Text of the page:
The Brookhaven City Council July 28 approved a resolution allowing a referendum in which residents will decide whether to allow unlimited term limits for the mayor.

The resolution was unanimously passed in the council’s consent agenda, which is usually reserved for approving non-controversial items, with no discussion from the council or mayor during the meeting.

One resident opposed the resolution in the public comment section, which city spokesperson Ann Marie Quill read in the meeting.

The unlimited terms would apply to incumbent Mayor John Ernst.

Councilmember Joe Gebbia has expressed opposition to unlimited terms but did not voice his opinion about the referendum in the July 28 meeting. Three years ago, a city charter review commission recommended term limits for the mayor and council members.

The city has to get approval from the state to hold the referendum because it’s a change to the city’s charter. A bill allowing the vote passed the General Assembly on June 26, the last day of the session, and still awaits the governor’s signature.

If the bill is signed into law, the referendum would be on the ballot during the November general election this year.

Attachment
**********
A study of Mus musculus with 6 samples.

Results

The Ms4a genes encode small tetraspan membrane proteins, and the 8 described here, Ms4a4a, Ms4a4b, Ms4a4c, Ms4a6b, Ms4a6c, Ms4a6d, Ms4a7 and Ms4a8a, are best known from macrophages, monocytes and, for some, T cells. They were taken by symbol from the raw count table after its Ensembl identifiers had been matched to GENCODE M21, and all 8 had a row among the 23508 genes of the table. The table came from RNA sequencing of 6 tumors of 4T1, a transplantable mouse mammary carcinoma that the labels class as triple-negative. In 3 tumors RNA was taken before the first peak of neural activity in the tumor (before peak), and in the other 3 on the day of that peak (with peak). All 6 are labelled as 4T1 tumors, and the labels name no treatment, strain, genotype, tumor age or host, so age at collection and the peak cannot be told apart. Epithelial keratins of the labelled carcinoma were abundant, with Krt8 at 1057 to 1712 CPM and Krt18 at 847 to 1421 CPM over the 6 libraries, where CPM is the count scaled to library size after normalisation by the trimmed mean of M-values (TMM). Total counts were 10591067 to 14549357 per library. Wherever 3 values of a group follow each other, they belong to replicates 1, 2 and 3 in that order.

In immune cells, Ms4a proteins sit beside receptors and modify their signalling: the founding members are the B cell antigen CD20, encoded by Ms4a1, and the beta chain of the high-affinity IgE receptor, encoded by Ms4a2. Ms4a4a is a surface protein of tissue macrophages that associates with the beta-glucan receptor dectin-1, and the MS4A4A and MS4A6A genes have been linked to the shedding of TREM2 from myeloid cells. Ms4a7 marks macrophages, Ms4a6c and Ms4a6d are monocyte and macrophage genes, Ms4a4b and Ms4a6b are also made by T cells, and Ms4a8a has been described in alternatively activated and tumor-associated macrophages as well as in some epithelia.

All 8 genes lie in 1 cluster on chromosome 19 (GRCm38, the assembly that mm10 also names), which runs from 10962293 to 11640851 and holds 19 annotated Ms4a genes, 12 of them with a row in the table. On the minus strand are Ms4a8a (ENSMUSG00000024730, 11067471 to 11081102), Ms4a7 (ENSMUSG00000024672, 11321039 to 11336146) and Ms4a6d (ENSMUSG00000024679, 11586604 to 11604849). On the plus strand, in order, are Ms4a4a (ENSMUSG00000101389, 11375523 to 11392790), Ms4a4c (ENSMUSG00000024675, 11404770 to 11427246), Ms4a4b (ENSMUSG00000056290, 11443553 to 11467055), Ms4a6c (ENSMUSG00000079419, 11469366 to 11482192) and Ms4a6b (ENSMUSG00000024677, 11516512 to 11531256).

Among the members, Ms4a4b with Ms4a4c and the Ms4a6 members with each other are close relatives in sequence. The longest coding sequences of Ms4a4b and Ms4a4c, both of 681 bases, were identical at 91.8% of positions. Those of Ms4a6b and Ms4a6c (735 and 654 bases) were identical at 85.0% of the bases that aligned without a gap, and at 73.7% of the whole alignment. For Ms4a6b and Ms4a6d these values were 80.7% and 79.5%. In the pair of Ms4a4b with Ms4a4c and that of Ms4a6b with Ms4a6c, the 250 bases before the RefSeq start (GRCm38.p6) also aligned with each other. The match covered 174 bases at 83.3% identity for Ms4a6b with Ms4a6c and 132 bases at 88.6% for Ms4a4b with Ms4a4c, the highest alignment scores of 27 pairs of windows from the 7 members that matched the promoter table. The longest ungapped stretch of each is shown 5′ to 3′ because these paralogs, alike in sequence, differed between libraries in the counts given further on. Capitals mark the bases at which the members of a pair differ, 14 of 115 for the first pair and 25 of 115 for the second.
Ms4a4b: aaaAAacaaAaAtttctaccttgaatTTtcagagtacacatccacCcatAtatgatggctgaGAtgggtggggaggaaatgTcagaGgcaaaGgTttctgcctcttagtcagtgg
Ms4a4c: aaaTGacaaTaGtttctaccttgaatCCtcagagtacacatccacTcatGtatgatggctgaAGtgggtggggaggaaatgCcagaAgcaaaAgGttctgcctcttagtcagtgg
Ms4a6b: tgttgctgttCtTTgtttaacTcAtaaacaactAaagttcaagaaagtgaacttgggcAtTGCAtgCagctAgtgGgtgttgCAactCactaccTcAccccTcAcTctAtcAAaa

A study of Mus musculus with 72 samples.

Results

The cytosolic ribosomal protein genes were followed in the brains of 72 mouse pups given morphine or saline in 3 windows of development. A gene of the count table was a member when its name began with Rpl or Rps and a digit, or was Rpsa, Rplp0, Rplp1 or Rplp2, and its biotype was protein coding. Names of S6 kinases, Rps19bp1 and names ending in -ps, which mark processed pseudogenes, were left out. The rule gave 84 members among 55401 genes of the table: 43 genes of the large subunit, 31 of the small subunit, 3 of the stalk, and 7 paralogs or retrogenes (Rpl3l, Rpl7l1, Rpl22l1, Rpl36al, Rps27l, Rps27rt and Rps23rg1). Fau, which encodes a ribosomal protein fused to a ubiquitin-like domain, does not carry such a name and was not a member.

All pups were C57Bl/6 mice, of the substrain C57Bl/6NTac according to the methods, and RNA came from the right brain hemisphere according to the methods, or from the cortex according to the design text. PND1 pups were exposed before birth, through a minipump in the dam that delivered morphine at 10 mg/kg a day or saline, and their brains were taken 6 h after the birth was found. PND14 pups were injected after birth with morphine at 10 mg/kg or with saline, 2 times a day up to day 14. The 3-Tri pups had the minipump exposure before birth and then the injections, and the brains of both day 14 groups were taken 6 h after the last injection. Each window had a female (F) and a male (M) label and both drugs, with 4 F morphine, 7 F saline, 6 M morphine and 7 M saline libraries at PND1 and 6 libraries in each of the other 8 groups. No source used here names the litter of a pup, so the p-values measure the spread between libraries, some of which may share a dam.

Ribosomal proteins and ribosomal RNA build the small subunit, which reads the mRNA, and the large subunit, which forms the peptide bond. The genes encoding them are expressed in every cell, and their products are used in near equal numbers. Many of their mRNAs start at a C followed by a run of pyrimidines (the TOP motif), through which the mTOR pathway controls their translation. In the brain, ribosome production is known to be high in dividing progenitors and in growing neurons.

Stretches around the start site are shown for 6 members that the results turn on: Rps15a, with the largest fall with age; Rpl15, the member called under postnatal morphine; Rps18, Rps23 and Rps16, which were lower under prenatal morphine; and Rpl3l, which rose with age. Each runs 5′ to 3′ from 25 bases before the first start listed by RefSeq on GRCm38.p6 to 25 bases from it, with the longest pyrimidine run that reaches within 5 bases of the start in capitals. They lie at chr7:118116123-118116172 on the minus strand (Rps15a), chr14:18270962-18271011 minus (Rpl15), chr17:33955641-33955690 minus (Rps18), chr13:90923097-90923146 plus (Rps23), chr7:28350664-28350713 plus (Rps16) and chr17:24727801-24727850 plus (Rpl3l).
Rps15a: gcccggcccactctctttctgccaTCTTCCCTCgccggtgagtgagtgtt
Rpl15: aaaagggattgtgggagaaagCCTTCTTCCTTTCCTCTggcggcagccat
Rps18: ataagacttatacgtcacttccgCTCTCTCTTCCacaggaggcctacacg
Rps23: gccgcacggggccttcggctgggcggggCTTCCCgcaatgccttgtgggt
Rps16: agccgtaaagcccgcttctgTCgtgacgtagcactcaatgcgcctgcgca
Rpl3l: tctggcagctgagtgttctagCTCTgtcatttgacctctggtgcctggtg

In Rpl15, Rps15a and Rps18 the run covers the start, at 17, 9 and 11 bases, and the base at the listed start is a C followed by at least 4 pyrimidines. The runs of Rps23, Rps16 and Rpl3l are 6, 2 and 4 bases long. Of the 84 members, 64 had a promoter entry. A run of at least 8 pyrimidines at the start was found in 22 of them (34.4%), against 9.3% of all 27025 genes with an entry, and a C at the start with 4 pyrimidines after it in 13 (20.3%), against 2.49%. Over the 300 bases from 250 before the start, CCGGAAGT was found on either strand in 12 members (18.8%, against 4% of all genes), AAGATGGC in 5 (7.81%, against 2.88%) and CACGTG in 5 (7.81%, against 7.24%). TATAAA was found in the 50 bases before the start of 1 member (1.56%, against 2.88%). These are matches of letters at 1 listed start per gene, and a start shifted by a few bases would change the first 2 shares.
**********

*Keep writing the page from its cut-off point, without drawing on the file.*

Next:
The deadline to call the vote is Aug. 5, 90 days before the election, attorney Chris Balch said, which is why the council approved the move before the governor signed the bill.

According to the agenda packet, the text of the referendum vote will say, “Shall the section of the Act be approved which repeals the provision that limits the terms of the mayor of the City of Brookhaven to allow the voters of Brookhaven to choose the mayor of their choice?”

If a majority of residents voted to remove the term limits, it would go into effect Jan. 1, 2021.

Currently, the mayor can serve two consecutive four-year terms, while council members have unlimited terms. Ernst was elected in 2019 for his second term, meaning the change would allow him to serve as long as he kept getting the majority vote.

The legislation originally sought to lift the term limits without a public vote. State Sen. Elena Parent (D-Atlanta) made a last-minute change during last year’s legislative session to include the referendum, which Councilmember Madeleine Simmons said was a good addition.

“This is consistent with allowing people to vote for what they want and who they want,” Simmons said during a June 23 council meeting.

Gebbia voted against supporting the state bill while all other council members voted for it.

“I ran from Day One, back in 2012, on the grounds of term limits,” Gebbia said in the June 23 council meeting. “I’m living true to my commitment. I have self-imposed term limits. I understand the arguments for this, but I do not believe it is the proper action.”

A 2017 review of the city charter by a city-appointed commission suggested implementing three-term limits for both the mayor and council to encourage other residents to run for office.

“The Commission found that the city has a wealth of well-educated, civic-minded and otherwise qualified residents available to serve elected office,” the 2017 report said. “Because of the advantages of incumbency, these talented people are reluctant to stand for office.”